Have other technical designers had to do take-home fit tests when applying for jobs? I recently submitted an at-home fit test for a company but did not get the job. I followed up with the person who interviewed me and she did not give me any feedback as to why I did not get the position, just sent me the generic, sorry we moved forward with another candidate. I was a little surprised because she seemed very impressed during my fit test presentation, and the interviews seemed to go very well. Curious if anyone else on the tech side has had similar experiences. Also, how do other techs handle fit tests? Is there a norm or a standard as these tests are concerned? Just curious, and also, I would like to be better prepared for future interviews that may require testing.
I’ve never heard of a take-home fit test!
I have had to do fit tests, in house, on occasion during or after the interview portion. Each company has done something a little different, basically just to get a sense that you know what you’re doing, and that you know how to use the software. (Flashback to years ago when my boss hired a tech Designer who asked me- what does HPS mean? )
At Forever 21, they gave me a garment to measure, then had me step into an ongoing fitting with a designer and model. I fit the garment, making adjustments as needed for fit and aesthetics, and then I made those changes- revising the sketch/construction in illustrator, and wrote up fit comments/spec changes in excel. (probably that was easier than teaching me their PLM system). Other companies have done something similar, though sometimes it was more basic, adjusting a sample on a mannequin, etc.
Sorry to hear about the way this opportunity didn’t work out, there’s nothing more frustrating than not knowing why it goes that way, but you never know, it could be due to money or internal changes, and most likely had nothing to do with your skills :).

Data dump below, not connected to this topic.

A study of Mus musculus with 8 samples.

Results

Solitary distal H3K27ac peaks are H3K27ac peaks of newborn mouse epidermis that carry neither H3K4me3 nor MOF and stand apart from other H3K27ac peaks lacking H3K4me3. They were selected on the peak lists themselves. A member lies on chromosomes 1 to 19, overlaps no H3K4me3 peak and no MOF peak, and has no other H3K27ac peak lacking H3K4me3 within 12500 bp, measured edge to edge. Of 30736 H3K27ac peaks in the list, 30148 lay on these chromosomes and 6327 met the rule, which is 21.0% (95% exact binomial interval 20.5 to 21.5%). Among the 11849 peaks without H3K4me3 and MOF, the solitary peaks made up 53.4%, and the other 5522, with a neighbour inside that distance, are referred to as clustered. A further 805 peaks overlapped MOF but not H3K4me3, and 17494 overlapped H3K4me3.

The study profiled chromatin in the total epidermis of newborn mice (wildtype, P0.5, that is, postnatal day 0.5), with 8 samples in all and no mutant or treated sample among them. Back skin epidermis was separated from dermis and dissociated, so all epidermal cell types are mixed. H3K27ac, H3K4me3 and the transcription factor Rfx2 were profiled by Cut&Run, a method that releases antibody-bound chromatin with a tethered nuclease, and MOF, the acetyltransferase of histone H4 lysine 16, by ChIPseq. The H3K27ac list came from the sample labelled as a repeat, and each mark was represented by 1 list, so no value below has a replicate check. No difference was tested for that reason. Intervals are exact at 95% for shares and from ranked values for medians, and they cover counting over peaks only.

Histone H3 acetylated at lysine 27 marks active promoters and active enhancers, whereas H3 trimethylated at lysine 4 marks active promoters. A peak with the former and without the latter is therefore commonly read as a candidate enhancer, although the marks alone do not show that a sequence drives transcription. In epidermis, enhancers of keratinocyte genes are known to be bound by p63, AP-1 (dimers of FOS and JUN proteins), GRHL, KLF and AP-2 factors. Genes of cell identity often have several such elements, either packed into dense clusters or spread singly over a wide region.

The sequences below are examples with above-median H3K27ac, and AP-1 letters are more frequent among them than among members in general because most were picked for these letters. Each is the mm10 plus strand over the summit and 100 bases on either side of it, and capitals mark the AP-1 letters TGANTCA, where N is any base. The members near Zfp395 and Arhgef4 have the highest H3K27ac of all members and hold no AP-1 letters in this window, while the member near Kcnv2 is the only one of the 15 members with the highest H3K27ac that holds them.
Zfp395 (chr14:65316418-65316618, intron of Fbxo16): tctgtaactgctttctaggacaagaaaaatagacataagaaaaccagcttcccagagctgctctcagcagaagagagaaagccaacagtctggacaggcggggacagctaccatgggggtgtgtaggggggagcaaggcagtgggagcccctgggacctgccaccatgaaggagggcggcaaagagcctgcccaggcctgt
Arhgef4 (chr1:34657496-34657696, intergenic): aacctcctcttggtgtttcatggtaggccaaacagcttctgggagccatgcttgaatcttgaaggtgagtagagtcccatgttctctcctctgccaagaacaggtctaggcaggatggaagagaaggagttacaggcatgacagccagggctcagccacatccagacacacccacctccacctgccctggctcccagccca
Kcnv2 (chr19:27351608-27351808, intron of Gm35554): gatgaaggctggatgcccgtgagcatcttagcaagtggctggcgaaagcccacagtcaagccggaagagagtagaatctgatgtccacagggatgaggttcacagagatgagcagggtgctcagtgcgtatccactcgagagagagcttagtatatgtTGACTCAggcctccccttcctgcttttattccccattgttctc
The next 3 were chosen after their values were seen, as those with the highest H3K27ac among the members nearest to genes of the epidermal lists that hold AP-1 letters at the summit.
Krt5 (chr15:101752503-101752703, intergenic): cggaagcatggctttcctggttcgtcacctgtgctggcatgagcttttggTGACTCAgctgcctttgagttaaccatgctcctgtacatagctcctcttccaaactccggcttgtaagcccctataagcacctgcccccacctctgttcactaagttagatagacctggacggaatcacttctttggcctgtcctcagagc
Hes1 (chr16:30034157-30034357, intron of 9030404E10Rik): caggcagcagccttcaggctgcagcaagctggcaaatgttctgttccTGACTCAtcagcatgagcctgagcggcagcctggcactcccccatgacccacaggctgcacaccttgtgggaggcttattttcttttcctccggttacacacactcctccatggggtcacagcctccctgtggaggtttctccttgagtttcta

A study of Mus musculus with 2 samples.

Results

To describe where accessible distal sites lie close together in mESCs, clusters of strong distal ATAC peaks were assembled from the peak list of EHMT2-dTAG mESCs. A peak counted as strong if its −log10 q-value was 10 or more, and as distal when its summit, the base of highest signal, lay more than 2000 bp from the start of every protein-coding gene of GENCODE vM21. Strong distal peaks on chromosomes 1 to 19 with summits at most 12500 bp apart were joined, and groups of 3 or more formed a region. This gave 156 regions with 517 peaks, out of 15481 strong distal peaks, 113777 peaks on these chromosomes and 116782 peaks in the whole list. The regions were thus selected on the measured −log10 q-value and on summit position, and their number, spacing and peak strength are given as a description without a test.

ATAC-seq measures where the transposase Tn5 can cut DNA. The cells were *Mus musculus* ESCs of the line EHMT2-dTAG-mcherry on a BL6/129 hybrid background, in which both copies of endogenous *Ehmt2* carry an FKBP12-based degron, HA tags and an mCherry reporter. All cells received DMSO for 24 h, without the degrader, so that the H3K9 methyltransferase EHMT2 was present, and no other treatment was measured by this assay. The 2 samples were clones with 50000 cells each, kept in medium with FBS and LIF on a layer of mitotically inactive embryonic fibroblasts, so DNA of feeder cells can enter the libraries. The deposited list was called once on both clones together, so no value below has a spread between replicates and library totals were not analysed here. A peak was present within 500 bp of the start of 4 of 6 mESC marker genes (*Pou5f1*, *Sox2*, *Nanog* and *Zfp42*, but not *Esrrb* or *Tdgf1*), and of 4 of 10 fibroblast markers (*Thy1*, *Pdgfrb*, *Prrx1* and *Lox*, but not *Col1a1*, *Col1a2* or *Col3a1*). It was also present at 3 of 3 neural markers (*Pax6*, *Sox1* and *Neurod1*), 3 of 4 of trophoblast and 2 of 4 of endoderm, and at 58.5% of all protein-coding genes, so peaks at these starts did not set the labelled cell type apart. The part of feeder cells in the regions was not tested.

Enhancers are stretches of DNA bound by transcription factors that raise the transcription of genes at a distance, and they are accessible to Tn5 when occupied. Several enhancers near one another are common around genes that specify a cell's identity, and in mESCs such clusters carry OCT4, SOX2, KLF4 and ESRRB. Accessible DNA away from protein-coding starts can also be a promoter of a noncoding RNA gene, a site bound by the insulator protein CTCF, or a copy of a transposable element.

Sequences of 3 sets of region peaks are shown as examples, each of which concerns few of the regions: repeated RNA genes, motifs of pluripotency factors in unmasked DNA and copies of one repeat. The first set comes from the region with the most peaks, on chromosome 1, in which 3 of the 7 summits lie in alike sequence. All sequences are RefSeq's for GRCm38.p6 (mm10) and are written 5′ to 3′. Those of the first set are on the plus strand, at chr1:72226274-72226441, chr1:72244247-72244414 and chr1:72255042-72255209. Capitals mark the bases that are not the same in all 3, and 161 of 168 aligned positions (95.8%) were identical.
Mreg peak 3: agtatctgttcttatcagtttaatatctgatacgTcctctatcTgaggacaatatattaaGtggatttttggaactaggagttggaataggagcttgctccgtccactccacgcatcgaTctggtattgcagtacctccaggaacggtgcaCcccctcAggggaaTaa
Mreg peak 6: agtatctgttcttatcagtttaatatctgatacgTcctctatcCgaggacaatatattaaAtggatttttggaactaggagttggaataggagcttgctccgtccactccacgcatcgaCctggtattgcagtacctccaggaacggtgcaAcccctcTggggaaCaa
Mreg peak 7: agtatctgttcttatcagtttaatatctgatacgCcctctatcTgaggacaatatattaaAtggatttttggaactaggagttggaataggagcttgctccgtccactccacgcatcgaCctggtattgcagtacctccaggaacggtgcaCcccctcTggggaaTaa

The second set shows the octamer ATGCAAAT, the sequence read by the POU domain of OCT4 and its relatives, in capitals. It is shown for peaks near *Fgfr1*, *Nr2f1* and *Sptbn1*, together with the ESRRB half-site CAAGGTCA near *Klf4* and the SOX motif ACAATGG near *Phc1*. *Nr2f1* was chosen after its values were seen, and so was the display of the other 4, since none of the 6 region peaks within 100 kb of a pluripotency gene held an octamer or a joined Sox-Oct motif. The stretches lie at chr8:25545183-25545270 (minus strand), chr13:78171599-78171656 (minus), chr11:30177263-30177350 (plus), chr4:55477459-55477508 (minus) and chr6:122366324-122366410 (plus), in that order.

Thanks so much @twirlgirl This is very helpful!
I have been through this a few times - nothing in person. I was sent photos of garments, sometimes with a drawing and sometimes not. Depending on the “assignment” , I have been asked for fit comments, a list of POMs to revise, revise the tech flat, very specific comments on how I would alter a pattern and so on. Had I moved forward in the process, the next steps for one of the brands was to join in on an in person fitting.
The feedback I received was positive but they just decided to move forward with someone with “more experience” - which I have decided is code for, we liked someone better than you and we have no real reason why we did not move forward with you.
Yes, I have had to do a " fit test". Attended fitting, made fit comments/ revised tech pack measurements/detailed instructions for pattern correction, photos corrected in Illustrator etc. Didn’t get the job, but I know they went with someone who hadway less experience for a lower salary. That job was posted again a few months later. You get what you pay for. The job I did take didn’t require a fit test, I was hired for experience, fit with company cultute, and there were many mutual connections that they could- and did- call for references.